Management of Old Growth in the U.S. Northern Rocky Mountains:
Debasing the concept and subverting science to plunder national forests
Below: Nez Perce National Forest old growth (Jeff Juel)
This report chronicles the policy changes the U.S. Forest Service has made regarding old growth over recent decades in national forests of the Northern Rockies bioregion. The concept of “old growth” had only begun to emerge when the Forest Plans for the Clearwater and Nez Perce National Forests were being written in the 1980s. Although the Forest Service didn’t have a strictly hands-off policy back then, preserving much of the remaining old growth on these Forests aligned with other regulatory priorities such as saving viable populations of certain species of raptors, woodpeckers, and small carnivores.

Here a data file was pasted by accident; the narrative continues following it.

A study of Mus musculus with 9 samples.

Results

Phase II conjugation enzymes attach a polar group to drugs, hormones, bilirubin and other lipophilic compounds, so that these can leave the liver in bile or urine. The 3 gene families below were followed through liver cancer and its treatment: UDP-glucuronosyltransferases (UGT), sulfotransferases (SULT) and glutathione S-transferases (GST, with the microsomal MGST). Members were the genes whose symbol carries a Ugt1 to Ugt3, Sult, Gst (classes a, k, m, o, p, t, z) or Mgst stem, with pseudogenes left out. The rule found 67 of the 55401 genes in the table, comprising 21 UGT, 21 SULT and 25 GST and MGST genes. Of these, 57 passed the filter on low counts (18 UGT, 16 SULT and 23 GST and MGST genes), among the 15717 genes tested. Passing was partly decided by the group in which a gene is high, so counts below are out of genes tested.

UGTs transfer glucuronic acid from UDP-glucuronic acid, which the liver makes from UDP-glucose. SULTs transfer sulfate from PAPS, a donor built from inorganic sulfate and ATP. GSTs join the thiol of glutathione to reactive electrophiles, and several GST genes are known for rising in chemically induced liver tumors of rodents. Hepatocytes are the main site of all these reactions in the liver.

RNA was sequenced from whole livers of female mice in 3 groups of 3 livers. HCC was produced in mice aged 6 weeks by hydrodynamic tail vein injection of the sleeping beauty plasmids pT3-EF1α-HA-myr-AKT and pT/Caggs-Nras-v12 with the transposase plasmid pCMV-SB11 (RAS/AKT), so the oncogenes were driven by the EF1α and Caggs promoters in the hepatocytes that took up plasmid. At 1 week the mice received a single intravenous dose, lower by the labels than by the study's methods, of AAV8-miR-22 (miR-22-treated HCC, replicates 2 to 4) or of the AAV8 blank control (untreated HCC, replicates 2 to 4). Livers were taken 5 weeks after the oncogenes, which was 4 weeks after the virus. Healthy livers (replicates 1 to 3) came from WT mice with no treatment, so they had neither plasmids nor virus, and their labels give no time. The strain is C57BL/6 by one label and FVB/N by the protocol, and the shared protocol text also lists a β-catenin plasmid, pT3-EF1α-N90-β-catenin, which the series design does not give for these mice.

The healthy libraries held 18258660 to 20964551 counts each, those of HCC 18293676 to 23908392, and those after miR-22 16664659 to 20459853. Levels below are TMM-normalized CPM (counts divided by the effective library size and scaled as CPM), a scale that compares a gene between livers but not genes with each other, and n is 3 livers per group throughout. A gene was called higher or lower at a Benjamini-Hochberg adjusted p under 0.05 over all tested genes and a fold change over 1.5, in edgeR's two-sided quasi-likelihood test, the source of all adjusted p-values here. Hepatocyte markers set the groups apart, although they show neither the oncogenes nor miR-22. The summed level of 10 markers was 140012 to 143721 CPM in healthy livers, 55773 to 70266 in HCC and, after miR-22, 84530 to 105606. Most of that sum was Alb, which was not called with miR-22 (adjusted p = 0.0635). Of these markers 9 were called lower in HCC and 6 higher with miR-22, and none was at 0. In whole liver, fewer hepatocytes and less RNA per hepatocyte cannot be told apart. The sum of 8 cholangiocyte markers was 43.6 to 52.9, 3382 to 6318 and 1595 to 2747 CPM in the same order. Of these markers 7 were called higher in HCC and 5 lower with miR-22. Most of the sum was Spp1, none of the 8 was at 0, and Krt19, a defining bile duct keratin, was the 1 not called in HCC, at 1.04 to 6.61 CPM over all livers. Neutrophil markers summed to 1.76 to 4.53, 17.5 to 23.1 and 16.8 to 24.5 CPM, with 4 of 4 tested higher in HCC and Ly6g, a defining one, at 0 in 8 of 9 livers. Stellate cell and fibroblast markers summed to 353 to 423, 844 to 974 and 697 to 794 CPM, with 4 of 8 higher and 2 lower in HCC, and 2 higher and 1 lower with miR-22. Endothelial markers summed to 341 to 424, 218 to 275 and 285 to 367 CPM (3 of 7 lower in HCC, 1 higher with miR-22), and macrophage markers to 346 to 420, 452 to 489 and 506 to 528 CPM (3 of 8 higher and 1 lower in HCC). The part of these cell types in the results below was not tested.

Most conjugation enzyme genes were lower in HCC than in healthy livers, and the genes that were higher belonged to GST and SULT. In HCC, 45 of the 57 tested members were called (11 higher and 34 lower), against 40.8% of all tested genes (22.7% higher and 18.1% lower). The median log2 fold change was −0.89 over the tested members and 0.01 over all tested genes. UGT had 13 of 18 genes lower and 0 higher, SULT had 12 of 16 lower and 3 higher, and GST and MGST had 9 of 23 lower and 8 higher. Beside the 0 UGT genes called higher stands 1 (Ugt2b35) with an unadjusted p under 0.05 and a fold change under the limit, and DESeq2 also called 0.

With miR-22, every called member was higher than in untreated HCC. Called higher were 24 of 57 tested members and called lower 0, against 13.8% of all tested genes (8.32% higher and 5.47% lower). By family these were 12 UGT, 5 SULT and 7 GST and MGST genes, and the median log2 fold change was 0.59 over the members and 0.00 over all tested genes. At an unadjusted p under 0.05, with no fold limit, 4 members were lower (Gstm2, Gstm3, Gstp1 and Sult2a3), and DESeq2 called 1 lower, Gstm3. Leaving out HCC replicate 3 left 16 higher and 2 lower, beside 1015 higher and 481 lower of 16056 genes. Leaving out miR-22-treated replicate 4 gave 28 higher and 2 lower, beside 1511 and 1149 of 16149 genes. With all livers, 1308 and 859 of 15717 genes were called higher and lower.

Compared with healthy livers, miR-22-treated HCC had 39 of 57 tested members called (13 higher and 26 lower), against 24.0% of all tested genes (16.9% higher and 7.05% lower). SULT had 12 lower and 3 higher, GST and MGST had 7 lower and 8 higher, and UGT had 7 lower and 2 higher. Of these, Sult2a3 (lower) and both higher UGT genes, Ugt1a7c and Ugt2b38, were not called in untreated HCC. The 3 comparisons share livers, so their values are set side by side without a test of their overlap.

Still, it took actions such as lawsuits to hold the timber beasts in the agency somewhat at bay. For example, when it became evident the Forest Service was probably lacking the minimum 10% of the Clearwater National Forest, Friends of the Clearwater got a Court injunction against some timber sales in the late 1990s to prevent more loss of old-growth habitat. However, the political pressure to log old growth has proved too much for the agency to withstand. This report examines some of the management rhetoric and distortions of science the Forest Service uses to justify logging old growth. It also examines scientific perspectives on how old-growth forests can be maintained, and some mechanisms with which that can be accomplished.